SINGAPORE: Chicago wheat futures fell for a seventh consecutive session on Thursday, hitting a 21-month low, as forecasts of rains in the US grain belt and plentiful of global supplies weighed on prices. Corn and soybeans lost more ground.
“Better weather in the US and continues concern over the lack of interest in US wheat helped to pressure (prices),” commodities research firm Hightower said in a report.
“New that Canadian producers intend to plant most wheat in 22 years added to the bearish tone.” The most-active wheat contract on the Chicago Board of Trade (CBOT) lost 0.1% to $6.41-1/2 a bushel, as of 0352 GMT, after dropping earlier in the session to its lowest since July 2021 at $6.40 a bushel.
Corn fell 0.1% at 6.00-1/4 a bushel and soybeans slid 0.1% to $14.14-1/2 a bushel. Ample global supplies are likely to cushion the impact from lower Ukrainian exports.
Canadian farmers intend to plant 27 million acres (10.9 million hectares) of wheat, the most in 22 years, a government report said.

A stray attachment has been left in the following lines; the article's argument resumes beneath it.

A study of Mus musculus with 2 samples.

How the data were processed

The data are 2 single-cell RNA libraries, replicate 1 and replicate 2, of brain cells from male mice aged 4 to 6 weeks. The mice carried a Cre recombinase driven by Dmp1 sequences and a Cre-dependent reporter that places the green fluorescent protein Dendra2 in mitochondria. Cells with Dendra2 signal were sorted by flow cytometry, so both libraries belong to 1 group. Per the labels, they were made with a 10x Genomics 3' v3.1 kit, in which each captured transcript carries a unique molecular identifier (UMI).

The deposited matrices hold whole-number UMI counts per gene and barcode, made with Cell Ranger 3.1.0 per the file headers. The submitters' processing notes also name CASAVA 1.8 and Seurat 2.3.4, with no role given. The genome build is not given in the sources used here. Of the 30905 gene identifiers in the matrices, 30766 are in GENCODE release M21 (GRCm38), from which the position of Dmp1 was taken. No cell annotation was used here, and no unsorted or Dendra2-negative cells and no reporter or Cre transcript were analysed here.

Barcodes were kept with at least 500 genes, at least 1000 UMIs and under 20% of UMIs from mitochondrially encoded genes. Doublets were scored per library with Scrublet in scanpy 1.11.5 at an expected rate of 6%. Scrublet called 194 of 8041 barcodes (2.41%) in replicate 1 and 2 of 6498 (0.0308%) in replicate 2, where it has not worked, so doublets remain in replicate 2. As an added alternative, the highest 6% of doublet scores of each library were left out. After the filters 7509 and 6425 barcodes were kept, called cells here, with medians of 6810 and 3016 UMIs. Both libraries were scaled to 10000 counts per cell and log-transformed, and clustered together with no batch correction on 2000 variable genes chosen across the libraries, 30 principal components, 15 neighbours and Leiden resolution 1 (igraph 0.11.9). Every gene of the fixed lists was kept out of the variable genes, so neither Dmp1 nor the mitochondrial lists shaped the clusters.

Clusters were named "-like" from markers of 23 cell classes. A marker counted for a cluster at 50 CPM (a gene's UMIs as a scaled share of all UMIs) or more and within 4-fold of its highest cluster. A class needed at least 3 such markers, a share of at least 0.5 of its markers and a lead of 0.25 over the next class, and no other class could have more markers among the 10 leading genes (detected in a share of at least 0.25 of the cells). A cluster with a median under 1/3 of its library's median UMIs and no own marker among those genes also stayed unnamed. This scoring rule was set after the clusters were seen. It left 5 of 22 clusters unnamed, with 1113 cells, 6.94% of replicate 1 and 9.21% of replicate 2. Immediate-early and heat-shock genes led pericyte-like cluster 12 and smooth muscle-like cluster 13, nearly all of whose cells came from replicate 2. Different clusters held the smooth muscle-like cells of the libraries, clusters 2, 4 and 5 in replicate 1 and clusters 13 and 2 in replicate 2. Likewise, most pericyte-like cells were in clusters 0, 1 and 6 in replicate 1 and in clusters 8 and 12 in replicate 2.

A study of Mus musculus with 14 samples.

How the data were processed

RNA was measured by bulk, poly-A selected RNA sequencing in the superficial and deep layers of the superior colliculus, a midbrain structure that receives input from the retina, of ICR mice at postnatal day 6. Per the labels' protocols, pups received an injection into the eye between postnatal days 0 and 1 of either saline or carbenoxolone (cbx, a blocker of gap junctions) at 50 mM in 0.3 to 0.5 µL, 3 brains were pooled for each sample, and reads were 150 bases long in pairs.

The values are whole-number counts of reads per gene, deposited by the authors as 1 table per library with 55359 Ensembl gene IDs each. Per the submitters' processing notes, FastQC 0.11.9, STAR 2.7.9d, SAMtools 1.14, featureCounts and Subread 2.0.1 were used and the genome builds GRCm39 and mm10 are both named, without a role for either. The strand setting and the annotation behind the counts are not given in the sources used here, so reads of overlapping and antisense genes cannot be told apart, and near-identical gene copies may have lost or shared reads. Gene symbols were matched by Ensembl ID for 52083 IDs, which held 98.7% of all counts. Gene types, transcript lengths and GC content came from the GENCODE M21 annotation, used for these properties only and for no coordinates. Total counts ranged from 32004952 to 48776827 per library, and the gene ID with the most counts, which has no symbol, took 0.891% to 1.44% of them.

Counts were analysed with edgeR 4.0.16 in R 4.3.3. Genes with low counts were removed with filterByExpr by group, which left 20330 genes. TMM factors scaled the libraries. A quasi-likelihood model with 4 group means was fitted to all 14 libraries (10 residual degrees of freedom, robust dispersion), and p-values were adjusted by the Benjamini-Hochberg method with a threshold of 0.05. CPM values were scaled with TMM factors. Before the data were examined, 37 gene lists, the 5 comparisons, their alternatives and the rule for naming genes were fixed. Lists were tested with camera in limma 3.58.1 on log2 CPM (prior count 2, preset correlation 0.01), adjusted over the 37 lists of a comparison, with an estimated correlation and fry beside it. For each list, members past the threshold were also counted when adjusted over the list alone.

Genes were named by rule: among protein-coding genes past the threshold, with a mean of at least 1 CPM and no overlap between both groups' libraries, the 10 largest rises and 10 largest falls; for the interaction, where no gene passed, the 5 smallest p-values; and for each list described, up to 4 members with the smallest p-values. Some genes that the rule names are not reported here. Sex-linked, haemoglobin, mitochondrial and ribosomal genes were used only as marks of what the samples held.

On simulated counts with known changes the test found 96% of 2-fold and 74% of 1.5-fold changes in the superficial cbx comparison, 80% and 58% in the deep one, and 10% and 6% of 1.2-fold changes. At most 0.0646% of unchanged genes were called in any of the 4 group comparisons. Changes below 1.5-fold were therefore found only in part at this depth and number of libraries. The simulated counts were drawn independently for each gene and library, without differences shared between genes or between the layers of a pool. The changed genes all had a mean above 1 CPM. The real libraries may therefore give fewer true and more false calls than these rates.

Soft wheat exports from the European Union in the 2022/23 season that started in July had reached 25.02 million tonnes by April 22, up 10% compared with 22.81 million a year earlier, data published by the European Commission showed on Wednesday.
The moisture could help drought-affected hard red winter crops, though it may be too late to significantly improve yield prospects.
Russia’s envoy to the United Nations in Geneva said on Wednesday “no real progress” had been achieved in resolving issues raised by Moscow over the Black Sea grain deal, which is set to expire next month.
Separately, Ukraine accused Russia of blocking the passage of four grain ships from its Black Sea ports.
Corn and nearby soybean futures are likely to take direction from US planting progress. Commodity funds were net sellers of CBOT corn, wheat, soybean and soymeal futures contracts on Wednesday, traders said. Funds were net buyers of soyoil futures contracts.